Are bottled and pre-batched cocktails more than just a trend?

Jeffrey Morgenthaler of Portland’s Clyde Common bar famously barrel-ages Negronis, Manhattans and Tridents, with an emphasis on technique and tight recipes. Barrel-ageing cocktails can alter the drink’s character by pulling flavours into the drink through infusion (picking up flavours from the wood), extraction (the wood reacts with the acidity of the cocktail) and oxidation; marrying ingredients unlike anything you could get in a fresh cocktail.

Of course there is an art, to barrel ageing in particular, with a risk of experimentation costing a barrel load of stock. However, Andy Griffiths at Melbourne’s Cookie bar has addressed this with ‘inverse barrel-ageing’: using sections of old French oak which are charred, added to the spirit mixture, and then aged before being swilled with other spirits. Likewise, at The Columbia Room in DC, Derek Brown adds wood chips to maple syrup which he then uses in pre-batching, creating a woody flavour with a quicker ageing process. In short, ageing produces premium, exciting drinks, but those that are presented as a serve we associate with something much simpler. 

It’s fair to say that pre-bottling and batching cocktails offers a very unique customer experience, which Hoxton’s White Lyan bar (right) has spearheaded with a view to transform cocktail culture. Ryan Chetiyawardana, formerly of London’s Purl Bar and Edinburgh’s Bramble Bar, which have both showcased bottle-aged cocktails, launched the sustainable White Lyan which is unique in that it remains free of any perishables and has minimal waste, with handcrafted bottled cocktails that leave staff with more time to interact with customers.

In fact, Chetiyawardana says the traditional barman has no place there. Rather, he is able to serve customers the same tasting cocktails, every time, leaving more time to talk to them about what they’re drinking. But this type of drink doesn’t solely serve an intimate bar cocktail ‘culture’, as hip late night venues stateside are testament to the quick serve of pre-batched and bottled cocktails in clubs.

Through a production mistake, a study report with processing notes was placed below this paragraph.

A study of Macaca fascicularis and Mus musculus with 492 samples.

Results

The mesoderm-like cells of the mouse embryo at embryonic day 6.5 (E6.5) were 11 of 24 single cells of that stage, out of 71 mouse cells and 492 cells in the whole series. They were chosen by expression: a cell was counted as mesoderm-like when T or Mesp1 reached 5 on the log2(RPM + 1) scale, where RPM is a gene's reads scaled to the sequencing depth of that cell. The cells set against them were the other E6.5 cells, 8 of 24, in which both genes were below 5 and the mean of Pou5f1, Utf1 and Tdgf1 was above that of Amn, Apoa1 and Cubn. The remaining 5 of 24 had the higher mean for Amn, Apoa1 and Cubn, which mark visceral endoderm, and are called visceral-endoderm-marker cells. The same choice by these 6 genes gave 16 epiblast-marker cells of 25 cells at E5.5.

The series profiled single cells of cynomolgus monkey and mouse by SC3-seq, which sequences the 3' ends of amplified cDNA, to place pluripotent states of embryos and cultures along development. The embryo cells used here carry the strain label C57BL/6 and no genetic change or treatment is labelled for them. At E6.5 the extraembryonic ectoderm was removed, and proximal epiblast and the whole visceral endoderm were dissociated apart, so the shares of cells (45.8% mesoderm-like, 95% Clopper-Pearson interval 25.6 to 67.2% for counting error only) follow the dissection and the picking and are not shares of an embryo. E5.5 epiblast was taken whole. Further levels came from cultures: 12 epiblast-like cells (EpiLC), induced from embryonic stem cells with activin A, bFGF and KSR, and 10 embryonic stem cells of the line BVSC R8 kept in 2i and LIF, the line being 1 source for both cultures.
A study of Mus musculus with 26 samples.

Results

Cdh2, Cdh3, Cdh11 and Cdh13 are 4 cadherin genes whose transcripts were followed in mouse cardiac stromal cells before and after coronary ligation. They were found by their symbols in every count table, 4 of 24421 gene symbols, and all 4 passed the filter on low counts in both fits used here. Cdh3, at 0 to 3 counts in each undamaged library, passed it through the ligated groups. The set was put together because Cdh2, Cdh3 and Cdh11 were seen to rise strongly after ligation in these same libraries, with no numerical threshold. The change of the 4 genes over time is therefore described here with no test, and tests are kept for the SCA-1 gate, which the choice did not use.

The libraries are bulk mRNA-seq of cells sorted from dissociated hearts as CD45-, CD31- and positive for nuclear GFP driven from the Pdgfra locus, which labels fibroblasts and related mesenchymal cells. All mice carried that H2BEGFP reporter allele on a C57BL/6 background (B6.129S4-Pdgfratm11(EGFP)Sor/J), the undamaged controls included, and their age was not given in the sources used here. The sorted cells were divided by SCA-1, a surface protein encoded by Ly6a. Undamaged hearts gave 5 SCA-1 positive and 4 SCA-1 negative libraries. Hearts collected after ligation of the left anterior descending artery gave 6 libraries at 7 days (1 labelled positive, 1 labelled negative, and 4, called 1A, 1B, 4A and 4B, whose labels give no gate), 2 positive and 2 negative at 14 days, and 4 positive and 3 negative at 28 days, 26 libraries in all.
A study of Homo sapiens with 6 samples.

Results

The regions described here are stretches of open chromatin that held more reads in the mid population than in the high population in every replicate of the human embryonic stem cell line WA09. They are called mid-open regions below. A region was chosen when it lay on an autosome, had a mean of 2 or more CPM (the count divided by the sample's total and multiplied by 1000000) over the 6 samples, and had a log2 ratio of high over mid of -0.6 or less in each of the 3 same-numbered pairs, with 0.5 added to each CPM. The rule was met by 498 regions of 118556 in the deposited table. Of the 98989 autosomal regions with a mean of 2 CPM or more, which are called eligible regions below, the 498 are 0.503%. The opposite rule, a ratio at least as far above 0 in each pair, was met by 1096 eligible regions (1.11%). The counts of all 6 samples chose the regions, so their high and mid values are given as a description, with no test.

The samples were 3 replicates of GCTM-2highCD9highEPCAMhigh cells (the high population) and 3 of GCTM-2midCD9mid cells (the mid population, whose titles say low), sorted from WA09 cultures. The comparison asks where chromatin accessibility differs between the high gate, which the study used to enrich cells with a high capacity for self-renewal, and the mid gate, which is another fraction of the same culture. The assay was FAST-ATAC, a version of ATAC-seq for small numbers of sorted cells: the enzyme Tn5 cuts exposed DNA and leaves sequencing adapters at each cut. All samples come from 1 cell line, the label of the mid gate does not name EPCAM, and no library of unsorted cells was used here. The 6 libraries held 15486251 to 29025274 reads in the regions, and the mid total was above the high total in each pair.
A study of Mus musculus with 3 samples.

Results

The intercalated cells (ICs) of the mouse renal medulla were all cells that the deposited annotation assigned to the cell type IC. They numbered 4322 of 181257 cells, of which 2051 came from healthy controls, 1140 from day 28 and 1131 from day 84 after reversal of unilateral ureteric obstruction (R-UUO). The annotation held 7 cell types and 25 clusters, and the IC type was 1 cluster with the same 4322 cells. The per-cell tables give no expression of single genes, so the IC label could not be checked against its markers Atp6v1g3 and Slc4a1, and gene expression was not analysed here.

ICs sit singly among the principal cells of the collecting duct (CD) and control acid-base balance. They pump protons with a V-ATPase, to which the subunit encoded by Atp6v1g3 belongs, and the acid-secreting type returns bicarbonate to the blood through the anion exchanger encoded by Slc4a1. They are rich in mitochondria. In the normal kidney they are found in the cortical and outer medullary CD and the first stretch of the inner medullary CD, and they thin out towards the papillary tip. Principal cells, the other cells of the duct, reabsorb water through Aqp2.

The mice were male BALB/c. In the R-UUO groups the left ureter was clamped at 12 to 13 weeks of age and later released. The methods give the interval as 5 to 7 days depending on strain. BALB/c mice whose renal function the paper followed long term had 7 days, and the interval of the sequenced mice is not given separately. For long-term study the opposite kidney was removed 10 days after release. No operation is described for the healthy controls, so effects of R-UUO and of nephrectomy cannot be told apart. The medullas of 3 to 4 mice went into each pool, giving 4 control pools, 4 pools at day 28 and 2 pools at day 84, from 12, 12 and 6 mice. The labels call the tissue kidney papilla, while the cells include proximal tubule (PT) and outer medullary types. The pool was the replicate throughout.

Michael Mina, 74 at Fontainebleau Miami Beach, a nightlife venue which serves only barrel-aged and bottled cocktails over ice, says that 25-35 percent of people are drinking specialist bottled cocktails there; deemed ‘Fizzy Lifting Drinks’.

Better cocktails are served swiftly, and the serve itself is something that can be utilised and adopted for different environments. The bottle serve has become notably popular at trendy hotels including London’s Raffles Hotel, the Ace Hotel in Downtown LA and the rooftop Stratus Lounge at Philadelphia’s Hotel Monaco, where the bottles come in larger, sharing sizes. Now infamous, some of these bottled cocktails have, in some cases, become part of a brand, entering the retail market and sold outside of the bar.

The aforementioned Ryan Chetiyawardana has his range of Mr Lyan bottled cocktails at Selfridges, including the Candlelit Manhattan and Bonfire Old Fashioned; a natural evolution of the very popular and consistent bar-branded bottled cocktail.

While our discussion had inspired many to shake off their loyalty to the razzmatazz of mixologists, some may still be unconvinced. One observer at the workshop lunch said: "I just like watching my cocktail being made. It’s part of the experience and it’s fun to watch." This contemporary service approach might not suit every business or indeed consumer, but may be something to trial given that it ultimately promotes efficiency, saves money and increases revenue whilst retaining the premium qualities that make people buy them in the first place.

The bottled cocktail is itself a drink to behold, and one that is in demand; largely for its association with the modern bar and progressive drinking culture, but equally for the richness of its aged flavours. For the right establishment, pre-batching and bottling creates profitability beyond its fashion. Not just a passing trend, it has become a staple of acclaimed menus all over the world.